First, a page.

Thursday, May 30, 2013

my toes didn't curl, but it was still nice

The sequester is happening.  Have you been directly affected?

The Air Force Academy is located "just a little bit over there" from where we live.  Graduation comes every spring, and with it comes the Air Force Thunderbirds.

So every year at this time, on graduation day and the few days leading up to it, our skies are visited by this team of F-16's as they practice and perform and rattle our teeth and window panes and fine china (actually, I can only attest to the teeth and window panes, as we don't own anything resembling fine china, although they do rattle our fine China, the dog).

People stand around outside in their yards or pull over in their cars,  looking skyward, maybe hoping to be fast enough to snag a photo or video.  On the day of graduation, people take long lunches from the office to go outside and set up folding chairs in good viewing spots.  Kids, if they're still in school, get extra recess time to watch from the playgrounds.  Some diehards, who don't even have relatives at graduation, go sit through the looooong graduation ceremony just to get good seats for the show.

(scared the living what out of her?)

This year,  however, because of the sequester, the Thunderbirds are grounded.  I don't know how the cadets felt about it, but us taxpayers in the cheap seats were fine with it, although we would miss the annual exhilaration.

But then, in came the Cavalry!  Or more specifically... The Commemorative Air Force!

Several aviation organizations volunteered, at no cost to the government, to provide flyovers and displays of vintage WWII aircraft.

The kids (for lack of a better word) and I were all home at midday yesterday, so we grabbed a few pairs of binoculars and headed outside to see the graduation flyover.  And y'know?  It was really nice.

It wasn't the pull-your-hair-out-of-its-roots buzz that the Thunderbirds bring.  I don't even think I heard one reactive dog bark.  But it was just really nice.  And poignant.

I was standing in the sandbox at the elementary school, making roads with my feet,  when Wolfgang said, "OH, there they are!" like they just appeared out of nowhere, in beautifully perfect formation.

Denver Post

We watched, mostly in silence.  Then Chaco and Wolfgang started rattling off the names of the different aircraft, while I thought about "The Greatest Generation".

They made a few laps around the stadium, some other aircraft joined in, and then they headed off toward the far horizon.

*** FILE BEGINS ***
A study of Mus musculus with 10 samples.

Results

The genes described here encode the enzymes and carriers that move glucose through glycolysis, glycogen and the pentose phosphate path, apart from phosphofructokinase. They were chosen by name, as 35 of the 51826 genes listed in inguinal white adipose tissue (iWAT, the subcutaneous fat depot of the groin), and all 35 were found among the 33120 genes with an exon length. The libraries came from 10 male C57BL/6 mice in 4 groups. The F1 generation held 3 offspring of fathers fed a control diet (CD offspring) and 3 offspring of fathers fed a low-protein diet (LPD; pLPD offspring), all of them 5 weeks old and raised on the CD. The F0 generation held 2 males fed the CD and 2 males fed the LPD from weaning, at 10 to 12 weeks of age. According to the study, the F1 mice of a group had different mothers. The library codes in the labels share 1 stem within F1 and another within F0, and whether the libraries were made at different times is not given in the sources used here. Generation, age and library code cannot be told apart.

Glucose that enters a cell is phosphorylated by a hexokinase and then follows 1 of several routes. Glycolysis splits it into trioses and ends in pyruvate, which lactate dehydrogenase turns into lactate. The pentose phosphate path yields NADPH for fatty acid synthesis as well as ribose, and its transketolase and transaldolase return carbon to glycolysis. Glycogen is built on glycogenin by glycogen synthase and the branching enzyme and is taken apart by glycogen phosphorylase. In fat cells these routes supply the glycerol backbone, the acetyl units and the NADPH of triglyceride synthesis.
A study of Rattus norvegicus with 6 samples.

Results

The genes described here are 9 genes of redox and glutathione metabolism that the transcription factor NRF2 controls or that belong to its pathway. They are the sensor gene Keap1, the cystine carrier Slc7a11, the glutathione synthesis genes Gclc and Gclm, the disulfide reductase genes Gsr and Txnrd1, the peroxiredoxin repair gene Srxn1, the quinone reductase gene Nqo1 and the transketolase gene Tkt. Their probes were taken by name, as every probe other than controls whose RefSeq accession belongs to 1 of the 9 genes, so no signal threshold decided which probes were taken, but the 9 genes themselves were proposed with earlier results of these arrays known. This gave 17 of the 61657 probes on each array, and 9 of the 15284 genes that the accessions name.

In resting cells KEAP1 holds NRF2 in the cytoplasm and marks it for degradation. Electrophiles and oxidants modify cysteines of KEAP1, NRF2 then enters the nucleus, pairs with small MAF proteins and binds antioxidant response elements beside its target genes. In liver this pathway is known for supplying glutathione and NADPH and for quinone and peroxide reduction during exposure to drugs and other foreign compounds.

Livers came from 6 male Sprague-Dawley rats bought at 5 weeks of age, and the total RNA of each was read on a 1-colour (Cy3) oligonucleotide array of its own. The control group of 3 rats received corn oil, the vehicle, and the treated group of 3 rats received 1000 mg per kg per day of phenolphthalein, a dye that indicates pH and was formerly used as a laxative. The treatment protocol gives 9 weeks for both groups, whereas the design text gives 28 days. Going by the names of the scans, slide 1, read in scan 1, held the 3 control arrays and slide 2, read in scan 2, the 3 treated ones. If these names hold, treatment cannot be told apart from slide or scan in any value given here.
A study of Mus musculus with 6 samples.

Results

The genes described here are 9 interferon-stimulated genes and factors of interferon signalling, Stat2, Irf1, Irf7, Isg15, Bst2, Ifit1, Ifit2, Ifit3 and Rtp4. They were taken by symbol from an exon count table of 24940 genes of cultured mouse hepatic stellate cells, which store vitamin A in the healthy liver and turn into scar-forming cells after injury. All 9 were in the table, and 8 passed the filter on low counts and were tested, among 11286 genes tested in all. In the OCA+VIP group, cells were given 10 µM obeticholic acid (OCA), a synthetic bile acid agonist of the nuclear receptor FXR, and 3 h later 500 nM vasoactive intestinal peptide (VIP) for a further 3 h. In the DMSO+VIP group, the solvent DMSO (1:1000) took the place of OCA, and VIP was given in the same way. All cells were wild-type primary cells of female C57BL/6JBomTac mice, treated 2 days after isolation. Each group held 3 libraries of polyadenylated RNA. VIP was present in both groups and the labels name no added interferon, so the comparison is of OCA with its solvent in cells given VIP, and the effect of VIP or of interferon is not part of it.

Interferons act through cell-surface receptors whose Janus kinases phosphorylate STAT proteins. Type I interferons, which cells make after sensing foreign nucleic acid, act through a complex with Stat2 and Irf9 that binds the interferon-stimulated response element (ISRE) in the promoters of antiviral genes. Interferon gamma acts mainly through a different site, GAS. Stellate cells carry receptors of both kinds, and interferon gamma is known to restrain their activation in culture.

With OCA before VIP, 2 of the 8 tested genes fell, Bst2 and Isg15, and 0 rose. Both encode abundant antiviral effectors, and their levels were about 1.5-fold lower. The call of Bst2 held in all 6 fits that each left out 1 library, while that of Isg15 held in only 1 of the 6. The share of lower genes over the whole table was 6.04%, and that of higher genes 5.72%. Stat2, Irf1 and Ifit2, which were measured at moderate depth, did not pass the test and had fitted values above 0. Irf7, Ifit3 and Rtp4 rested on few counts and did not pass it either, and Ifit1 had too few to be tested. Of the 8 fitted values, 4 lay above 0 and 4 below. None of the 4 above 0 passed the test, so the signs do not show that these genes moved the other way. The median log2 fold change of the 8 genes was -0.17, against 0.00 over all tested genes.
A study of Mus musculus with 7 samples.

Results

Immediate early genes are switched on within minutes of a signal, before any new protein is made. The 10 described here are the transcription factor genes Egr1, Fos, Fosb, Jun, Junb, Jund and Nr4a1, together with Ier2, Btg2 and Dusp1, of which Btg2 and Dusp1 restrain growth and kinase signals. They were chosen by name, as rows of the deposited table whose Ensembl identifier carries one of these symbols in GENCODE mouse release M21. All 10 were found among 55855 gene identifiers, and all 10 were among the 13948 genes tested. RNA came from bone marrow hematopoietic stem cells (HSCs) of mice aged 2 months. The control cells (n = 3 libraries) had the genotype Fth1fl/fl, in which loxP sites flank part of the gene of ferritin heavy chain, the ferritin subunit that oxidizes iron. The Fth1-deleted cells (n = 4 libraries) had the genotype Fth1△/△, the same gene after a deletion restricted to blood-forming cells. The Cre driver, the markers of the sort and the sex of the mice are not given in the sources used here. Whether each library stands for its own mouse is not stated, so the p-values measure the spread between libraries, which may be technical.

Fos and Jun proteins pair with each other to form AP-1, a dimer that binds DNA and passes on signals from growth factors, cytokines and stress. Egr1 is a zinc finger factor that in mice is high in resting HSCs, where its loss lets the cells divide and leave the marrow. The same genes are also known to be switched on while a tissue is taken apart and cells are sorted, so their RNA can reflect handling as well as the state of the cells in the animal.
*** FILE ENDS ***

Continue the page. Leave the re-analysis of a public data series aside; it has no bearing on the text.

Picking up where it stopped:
Thanks guys!  You're still heroes!


  1. I always loved watching the Thunderbirds as a kid - and even as an adult when we'd take our kids to the annual AFB air show.
    But I can totally see how watching the vintage aircraft fly over voluntarily would be just as poignant as the Thunderbirds, especially given the situation. How awesome that you got to watch it from a sand box!

    1. Definitely a different "feel" to the flyover than the Thunderbirds, but certainly special. Sandbox: best seat in the house!

  2. What a great thing to be able to see, right in your own backyard! Amazing what they can do in a big, expensive aircraft, huh?

    1. Yeah, it was super nice of them to come out here and do that.

  3. We have our own airshow down here every fall (Wings over Houston) and my office overlooks the airfield a few miles to the north. We get some great views of fly-by practices the week leading up to the airshow. As impressive as Thunderbirds are, the fly over of WWII in formation are awesome. Something about those old WWII turboprops thundering overhead really stops traffic.

    1. They really do have a "dignified" presence, and they shake the windows with the best of them! Classy.

  4. If the Thunderbirds are practicing, why stop them? They have to practice somewhere, right?

  5. Sounds exciting, as long as it's not every day. I'm not ready for false teeth yet. :D

  6. Well I am glad despite the sequester, you guys were still able to enjoy an Air Show! That is super cool!

  7. I grew up in Norfolk, VA, home of the largest naval station. I saw a couple of those exhibitions as a child. I think it was the Blue Angels. You make me want to go "home" and see it again - that is, if a sequestration hasn't nixed it or if they just don't do it anymore.

    Glad you all got to see the other flight flyover. Who can "not" love that kind of excitement.

    I listened to Tom Brokaw's book, "The Greatest Generation" on audio a while ago. It was interesting and I learned a little somethin'.